Recycling can be a bit of a pain, but it's good for you and good for the environment. Though, admittedly, you're unlikely to become rich by taking various items to a recycling center yourself.
For large companies like Apple, that use a variety of different, pricey parts in their devices, recycling is ideal. Not only can a company extract and reuse undamaged components within other devices, but it can also just melt down anything it might not want to reuse directly and either sell the raw materials or use them to make new parts for new devices.
And while it sounds like it might be a pain of a process for Apple to extract its devices' components, we can't help but think that a tool like the Liam—Apple's iPhone disassembly robot—is actually a pretty good investment. Though we don't know how much a Liam costs, we do know how many resources Apple is recycling, as the company just released its annual Environmental Responsibility Report for fiscal year 2015 on Thursday.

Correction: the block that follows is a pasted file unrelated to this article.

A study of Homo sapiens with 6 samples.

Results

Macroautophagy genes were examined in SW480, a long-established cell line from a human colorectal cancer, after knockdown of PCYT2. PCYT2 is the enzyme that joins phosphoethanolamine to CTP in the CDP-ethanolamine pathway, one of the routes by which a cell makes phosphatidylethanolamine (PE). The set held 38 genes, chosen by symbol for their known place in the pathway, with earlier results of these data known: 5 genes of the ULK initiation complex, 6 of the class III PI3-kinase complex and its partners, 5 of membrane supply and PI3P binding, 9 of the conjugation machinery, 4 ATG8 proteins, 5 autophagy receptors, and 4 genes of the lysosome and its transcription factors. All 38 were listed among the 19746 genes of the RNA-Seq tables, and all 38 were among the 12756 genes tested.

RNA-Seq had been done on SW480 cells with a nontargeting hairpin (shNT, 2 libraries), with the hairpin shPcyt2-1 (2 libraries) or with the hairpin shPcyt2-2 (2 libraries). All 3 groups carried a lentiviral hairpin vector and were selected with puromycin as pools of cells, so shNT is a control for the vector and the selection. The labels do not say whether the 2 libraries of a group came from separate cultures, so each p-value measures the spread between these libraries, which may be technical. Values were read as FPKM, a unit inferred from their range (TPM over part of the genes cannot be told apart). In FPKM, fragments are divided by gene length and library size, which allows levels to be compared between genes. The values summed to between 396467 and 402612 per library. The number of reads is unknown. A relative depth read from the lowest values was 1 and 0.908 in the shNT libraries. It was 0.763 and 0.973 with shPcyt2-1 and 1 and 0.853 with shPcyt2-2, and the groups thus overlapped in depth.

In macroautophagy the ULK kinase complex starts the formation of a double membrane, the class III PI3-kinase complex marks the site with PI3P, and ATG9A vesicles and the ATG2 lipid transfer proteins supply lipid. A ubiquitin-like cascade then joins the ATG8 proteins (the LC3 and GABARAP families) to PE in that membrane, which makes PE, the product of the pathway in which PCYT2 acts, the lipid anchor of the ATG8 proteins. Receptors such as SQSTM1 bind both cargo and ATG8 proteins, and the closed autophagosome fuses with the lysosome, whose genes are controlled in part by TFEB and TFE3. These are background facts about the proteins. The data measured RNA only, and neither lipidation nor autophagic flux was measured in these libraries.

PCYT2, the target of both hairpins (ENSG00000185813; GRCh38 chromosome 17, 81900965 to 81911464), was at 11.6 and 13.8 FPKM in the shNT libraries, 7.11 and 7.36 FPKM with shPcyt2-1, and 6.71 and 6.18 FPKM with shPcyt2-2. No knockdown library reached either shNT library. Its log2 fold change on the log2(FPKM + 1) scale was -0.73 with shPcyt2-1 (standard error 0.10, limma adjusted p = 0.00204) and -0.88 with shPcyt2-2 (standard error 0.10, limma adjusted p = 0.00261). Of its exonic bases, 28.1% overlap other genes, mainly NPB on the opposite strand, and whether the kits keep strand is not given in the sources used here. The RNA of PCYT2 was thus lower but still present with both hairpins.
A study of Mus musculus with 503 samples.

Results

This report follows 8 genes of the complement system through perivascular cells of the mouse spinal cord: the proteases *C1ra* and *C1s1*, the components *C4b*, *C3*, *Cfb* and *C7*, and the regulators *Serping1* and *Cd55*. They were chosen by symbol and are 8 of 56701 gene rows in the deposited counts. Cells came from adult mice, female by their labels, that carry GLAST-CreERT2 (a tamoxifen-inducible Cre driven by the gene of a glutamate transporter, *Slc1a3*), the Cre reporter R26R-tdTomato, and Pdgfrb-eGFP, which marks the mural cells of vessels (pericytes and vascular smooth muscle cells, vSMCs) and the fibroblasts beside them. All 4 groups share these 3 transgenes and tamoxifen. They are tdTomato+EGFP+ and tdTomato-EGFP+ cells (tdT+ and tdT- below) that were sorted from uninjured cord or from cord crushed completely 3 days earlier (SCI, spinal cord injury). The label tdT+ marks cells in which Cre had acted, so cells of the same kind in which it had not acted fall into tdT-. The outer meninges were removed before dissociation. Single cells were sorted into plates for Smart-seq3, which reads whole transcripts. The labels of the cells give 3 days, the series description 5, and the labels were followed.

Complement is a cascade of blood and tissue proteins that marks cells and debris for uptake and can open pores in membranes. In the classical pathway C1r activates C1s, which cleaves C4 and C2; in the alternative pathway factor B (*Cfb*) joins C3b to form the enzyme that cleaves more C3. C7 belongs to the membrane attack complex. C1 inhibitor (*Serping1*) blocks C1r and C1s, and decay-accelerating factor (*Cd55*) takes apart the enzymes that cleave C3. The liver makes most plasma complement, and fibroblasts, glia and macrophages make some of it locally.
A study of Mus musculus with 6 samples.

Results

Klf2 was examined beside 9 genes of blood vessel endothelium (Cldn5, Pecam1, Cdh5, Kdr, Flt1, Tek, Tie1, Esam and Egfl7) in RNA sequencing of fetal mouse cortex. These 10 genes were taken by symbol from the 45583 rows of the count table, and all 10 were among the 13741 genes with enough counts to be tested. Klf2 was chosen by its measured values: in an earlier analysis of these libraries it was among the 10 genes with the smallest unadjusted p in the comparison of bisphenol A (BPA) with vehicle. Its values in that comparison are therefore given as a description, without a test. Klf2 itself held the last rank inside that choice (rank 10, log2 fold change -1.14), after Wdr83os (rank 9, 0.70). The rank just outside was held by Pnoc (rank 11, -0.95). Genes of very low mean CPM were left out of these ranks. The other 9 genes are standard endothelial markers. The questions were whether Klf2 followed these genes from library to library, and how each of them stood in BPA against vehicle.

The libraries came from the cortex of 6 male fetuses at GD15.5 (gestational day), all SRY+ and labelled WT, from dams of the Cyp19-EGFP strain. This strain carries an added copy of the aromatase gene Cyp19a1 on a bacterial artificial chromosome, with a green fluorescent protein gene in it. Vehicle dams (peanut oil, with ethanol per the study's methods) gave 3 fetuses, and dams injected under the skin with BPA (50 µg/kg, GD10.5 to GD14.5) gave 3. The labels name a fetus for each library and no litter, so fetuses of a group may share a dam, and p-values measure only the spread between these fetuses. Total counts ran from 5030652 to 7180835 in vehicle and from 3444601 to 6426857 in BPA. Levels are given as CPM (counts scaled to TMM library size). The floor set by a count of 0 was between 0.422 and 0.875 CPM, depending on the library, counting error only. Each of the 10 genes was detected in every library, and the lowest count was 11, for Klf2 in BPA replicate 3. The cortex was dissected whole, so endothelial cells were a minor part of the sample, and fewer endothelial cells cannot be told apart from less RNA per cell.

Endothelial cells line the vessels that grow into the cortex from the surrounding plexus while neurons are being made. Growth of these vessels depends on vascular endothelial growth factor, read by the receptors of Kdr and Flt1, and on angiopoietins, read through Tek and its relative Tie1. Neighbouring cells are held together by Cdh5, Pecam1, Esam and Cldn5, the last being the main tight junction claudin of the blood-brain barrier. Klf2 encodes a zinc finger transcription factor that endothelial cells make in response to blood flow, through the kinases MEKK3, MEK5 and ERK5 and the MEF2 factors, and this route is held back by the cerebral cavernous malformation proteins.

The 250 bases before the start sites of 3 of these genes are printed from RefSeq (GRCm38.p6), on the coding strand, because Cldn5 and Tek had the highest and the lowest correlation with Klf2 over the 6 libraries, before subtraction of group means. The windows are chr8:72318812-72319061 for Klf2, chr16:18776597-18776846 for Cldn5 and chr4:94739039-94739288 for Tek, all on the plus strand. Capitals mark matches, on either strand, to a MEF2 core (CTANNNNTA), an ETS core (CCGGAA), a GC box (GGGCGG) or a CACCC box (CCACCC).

"We're as committed as ever to conserving precious resources. In 2015, we diverted more than 89 million pounds of e-waste from landfills. And more recently, we introduced Liam, a line of robots that can disassemble an iPhone every 11 seconds and sort its high-quality components so they can be recycled, reducing the need to mine those resources from the earth. It's an experiment in recycling technology, and we hope this kind of thinking will inspire others," the report reads.
According to Apple, the company recovered just around 61.3 million pounds of resources via its recycling efforts in fiscal year 2015. That includes 2,204 pounds of gold, which translates to just around $40 million or so. While that's (sadly) chump change for Apple, which pulled in $75.9 billion in revenue during the first three months of 2016, that's still quite a lot of gold given that the average iPhone, as The Verge notes, has around 30 miligrams of gold within its various internal components. It's likely that Apple will hold on to this, as opposed to selling it, for use in other devices.
And in case you're curious about all the other raw materials that Apple has managed to extract from its devices, Cult of Mac ran through a number to calculate just how much Apple is saving. Apple makes the most from the gold, go figure, but it also now has around $6.4 million worth of copper, $3.2 million worth of aluminum, $1.6 million of silver, and a mere $40,000 of lead (to name a few).